Brahms, the Schumanns and Klopstock

Johannes Brahms was born the son of a double bass player on May 7, 1833 in Hamburg, Germany. He had a pleasant childhood, and after receiving an early education in the classics, Brahms began playing in public at fourteen years old, giving concerts at theaters, but also playing in dives and bordellos in order to bring in extra money for the family. Brahms would later allude to this unusual and youthful contact with “the women” as a partial factor in his lifelong bachelorhood.

While Brahms presented the serious music of Bach and Beethoven, he wrote original compositions which he would blend into his programs, and these pieces were often variations on old German folk songs which made him popular with German audiences. His fame spread. Brahms was somewhat old fashioned and felt no kinship to the “music of the future” as did a Wagner or a Liszt, but he was studious, prodigious and had a deep reverence for music. He was so meticulous that he worked on one piece for eleven years before making it public, and he only wrote four symphonies that are known of. Extremely self-critical, Brahms strove for technical perfection, and this gave him a reputation as irritable. Above: Brahms and his birthhouse after the bombing; The Schumanns

It is estimated the chamber music we have is only one quarter of what he actually wrote, as he destroyed anything that he considered unworthy. He certainly had a soft side and displayed it to Clara Schumann to whom Brahms often first sent his works. Brahms and the Schumanns were close friends, and three years after they met, Robert Schumann fell ill and died. Brahms had consoled Clara, fourteen years his senior, during the anguish of Robert’s disease.

It is as impossible to sever Brahms from Robert and Clara Schumann, or they from each other. Robert Schumann was born in Zwickau on June 8, 1810 and showed no major interest in music until he was a young adult when Friedrich Wieck became his teacher. Wieck was quite famous and his musically gifted daughter Clara met Schumann and they fell in love. Despite her father’s grave objections, they married a day before her 21st birthday in 1840, had a big family and remained deeply in love throughout their marriage.

On the day after their wedding, Robert gave a diary to Clara, suggesting that they each write in it and exchange it weekly, which they did for several years. Today, it gives us a glimpse into their lives. Schumann had damage to his fingers, so he put his attention to composing. He became a writer and editor for a music journal launched in 1834. Throughout his life, Schumann suffered depression.

When Clara was 35, Robert Schumann’s bouts with depression continued, leading him to commit himself to an asylum after 14 years of marriage and eight children. He died there two years later on July 29, 1856. Clara was left to support her family by giving concerts and teaching. She was one of the most famous pianists of her time with a musical output of 66 pieces. She died in 1896. The Schumanns travelled throughout the heart of Germany, and it is said that Robert Schumann was so inspired by the Cologne Cathedral that he went home and composed his Rhenish Symphonies.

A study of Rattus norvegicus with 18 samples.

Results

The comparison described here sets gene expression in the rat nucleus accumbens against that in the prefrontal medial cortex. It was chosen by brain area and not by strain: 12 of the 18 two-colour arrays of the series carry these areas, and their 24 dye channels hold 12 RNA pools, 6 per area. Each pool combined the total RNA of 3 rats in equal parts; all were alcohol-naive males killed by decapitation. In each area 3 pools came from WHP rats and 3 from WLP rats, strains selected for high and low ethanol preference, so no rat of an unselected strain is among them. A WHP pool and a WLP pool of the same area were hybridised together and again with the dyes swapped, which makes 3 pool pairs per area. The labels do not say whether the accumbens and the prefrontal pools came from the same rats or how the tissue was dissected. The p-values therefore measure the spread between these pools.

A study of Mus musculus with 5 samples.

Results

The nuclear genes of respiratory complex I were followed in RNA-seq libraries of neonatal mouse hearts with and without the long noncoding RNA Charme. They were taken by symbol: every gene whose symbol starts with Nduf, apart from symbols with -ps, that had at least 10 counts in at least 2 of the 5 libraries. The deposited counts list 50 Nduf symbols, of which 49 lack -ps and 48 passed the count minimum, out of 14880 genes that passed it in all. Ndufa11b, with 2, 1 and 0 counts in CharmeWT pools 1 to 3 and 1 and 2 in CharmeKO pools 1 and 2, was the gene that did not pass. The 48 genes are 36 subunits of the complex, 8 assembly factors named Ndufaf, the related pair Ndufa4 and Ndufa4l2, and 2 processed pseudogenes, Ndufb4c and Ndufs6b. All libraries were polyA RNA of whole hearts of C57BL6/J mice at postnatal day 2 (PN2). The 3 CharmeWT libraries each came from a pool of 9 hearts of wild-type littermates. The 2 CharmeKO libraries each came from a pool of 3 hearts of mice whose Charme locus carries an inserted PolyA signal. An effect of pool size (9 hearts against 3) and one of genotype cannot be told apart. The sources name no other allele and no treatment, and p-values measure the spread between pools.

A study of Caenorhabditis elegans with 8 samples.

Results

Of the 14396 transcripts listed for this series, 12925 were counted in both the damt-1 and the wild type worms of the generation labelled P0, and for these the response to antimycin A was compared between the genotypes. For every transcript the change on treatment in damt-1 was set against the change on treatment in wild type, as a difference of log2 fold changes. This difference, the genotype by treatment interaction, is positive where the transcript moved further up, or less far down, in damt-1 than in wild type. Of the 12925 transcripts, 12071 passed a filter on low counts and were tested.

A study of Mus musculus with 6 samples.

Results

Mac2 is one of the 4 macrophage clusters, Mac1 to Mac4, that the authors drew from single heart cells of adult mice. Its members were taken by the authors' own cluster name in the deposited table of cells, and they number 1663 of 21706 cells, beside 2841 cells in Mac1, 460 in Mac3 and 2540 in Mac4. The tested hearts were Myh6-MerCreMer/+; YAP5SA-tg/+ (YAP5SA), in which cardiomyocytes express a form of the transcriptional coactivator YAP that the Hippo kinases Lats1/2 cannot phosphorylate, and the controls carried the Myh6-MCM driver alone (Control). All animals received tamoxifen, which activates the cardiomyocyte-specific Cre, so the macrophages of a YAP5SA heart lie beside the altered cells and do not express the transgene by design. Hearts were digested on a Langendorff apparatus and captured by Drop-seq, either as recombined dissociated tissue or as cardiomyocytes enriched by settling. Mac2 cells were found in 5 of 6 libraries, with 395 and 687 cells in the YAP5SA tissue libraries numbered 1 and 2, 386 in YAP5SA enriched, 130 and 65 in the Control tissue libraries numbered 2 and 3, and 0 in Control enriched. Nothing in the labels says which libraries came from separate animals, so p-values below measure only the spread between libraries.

A lasting love for Clara ultimately developed for Brahms, although their relationship was complex and not without difficulties. Friends expected Brahms and Clara Schumann to marry. Why they did not is one of history’s secrets. Brahms dedicated many of his works to Clara, and they remained lifelong friends. Brahms was 64 years of age when Clara died in 1896. A grieving Brahms attended her graveside funeral in cold, wet weather and became ill, dying on April 3, 1897 in Vienna.


Hamburg was home to many other historic figures. The great German poet Friedrich Gottlieb Klopstock, the eldest son of a religious and esteemed lawyer, was born in Quedlinburg in 1724. Klopstock gained fame while he was still in school when he drafted the plan of ‘Der Messias.’ He next studied theology in Jena, went on to Leipzig and journeyed to Zurich. Here, he received an invitation to settle at Copenhagen from Frederick V of Denmark at state expense, with a chance for him to complete his work.

The offer was accepted, and on his way to the Danish capital in 1754 he met his future wife, Meta Möller, the “Cidli” of his odes and an enthusiastic fan. Sadly, she died in 1758, breaking his heart. He subsequently published his late wife’s writings, then turned his attention to northern mythology, which he conceived should replace classical subjects in a new school of German poetry. In 1770, he retired to Hamburg, but retained his pension together with the rank of councillor of legation.

He issued the last five cantos of the Messiah there in 1773, and he travelled south in 1775, making the acquaintance of Goethe on the way. He spent a year at the court of the Margrave of Baden at Karlsruhe and in 1776 returned to Hamburg where he spent the remainder of his life. In his older age, he was fascinated by the American War of Independence and the Revolution in France. The French Republic sent him a diploma of honorary citizenship, but, disgusted by the violence of the Revolution, he returned it. At age 67 he remarried. He died in Hamburg on March 14, 1803 and was mourned by all Germany and buried with great ceremony by the side of his wife Meta in the church graveyard of the village of Ottensen. His work has been translated into seventeen languages. Much of Klopstock’s poetry was set to music by Schubert and others.